The Principles of Inbound

    Jan 29, 2019, 11:33:38 AM / by Jeff Ruprecht

    Jeff Ruprecht

    We can go on and on (and we have) about the inbound methodology. But did you know that there’s inbound principles too? Before you start to panic, don’t worry. They’re a part of the inbound method and fit right into the attract, engage, and delight stages. We’re a bit embarrassed that this is our first post about the principles of inbound, cause they’re actually pretty important to the inbound philosophy. So… Let’s remedy our error and jump right in!


    HubSpot
    has a pretty nifty acronym for the inbound principles: SCOPE. As dissected below:

    1. Standardize for consistency

    2. Contextualize for relevance

    3. Optimize for clarity

    4. Personalize for impact

    5. Empathize for perspective

    Let’s break down what each principle means and where it fits in execution for the inbound strategy.

    Standardize for consistency
    Before you put out any piece of content, you want to make sure there is absolutely NO confusion or misunderstanding for your target audience. To make this easy when it comes to your content, it helps to have a standard or best practice guide in place for what you will be sharing and how you will be interacting with your audience across the board. This includes all elements to your brand identity.

    Contextualize for relevance
    This means taking that standards guide, or rather, the content you’ve created from it, and delivering it to your audience in a timely, and relevant way—starting to sound more like the good old methodology now? This ensures you’re always providing the right content during the right stages of a buyer’s journey.

    Optimize for clarity
    This means your content is improved for understanding, for EVERY SINGLE PERSON you are in communication with, across EVERY SINGLE PLATFORM you are on. On the phone, across your website, via live chat, you name it; you’re striving to maintain value and consistency with the content you’ve made on the platform or channel you are using. For example, you want to make sure you are maintaining high-quality pictures across your Pinterest for your target audience or ensuring that your customer service representatives are receiving customer complaints in a way that will reduce repetition and friction for the customer.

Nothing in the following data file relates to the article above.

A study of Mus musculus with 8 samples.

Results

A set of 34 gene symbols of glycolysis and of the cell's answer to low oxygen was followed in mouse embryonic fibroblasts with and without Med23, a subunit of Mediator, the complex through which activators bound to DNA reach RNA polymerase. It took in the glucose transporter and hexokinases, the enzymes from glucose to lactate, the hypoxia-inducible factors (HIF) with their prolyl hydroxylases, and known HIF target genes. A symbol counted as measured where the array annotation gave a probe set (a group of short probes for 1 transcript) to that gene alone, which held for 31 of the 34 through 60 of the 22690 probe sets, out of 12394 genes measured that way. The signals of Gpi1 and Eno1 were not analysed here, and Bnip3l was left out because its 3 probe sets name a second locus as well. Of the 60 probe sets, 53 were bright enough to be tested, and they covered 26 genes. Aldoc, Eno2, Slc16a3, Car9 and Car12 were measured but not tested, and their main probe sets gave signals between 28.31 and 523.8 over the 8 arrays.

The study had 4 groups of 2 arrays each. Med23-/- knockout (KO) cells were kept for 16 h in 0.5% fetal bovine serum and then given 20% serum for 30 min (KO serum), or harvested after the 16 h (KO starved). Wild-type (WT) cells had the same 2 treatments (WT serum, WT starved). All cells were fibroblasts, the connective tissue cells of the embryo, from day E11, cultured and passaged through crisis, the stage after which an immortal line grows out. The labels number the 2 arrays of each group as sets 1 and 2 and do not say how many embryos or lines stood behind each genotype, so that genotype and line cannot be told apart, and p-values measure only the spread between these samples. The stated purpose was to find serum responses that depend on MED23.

Personalize for impact
    This one’s pretty straightforward and it’s at the core of the inbound methodology. Take a humanistic approach to the content you are creating and make sure you are working towards developing relationships with the people on the receiving end.

    Empathize for perspective
    There are two responses you need to be prepared for, every time you are interacting with a customer: the informative response and the emotional response. While you should always provide the most accurate, honest answer possible to your customer, strive to create an emotionally connective response that emphasizes your customer’s value while meeting them where they are. If a customer is frustrated, they’re looking for understanding; if your customer is excited, share in their enthusiasm. Remember to do this across each of your platforms, with every interaction you have with your target audience.

    Conclusion
    Essentially, the inbound principles are the stepping stones that explain how you can execute the inbound stages of attract, engage, and delight with your target audience. No matter what your role in your company is, if you interact with customers keeping SCOPE in mind will help you manage an effective approach to get you from just talking about inbound to actually doing it.

    Topics: Inbound Marketing, Hubspot

    Jeff Ruprecht

    Written by Jeff Ruprecht

    I've always had the urge to scratch that creative "itch." If I have an idea, I check it out. It’s that drive to create something from nothing—starting with an idea and working to make it grow into something that will impact people. I’ve been working in the marketing world for over 22 years now, and every day I feel like I’m doing what I was intended to be doing. Helping people solve their problems in a creative way, caring about what they care about, and seeing that they achieve their goals.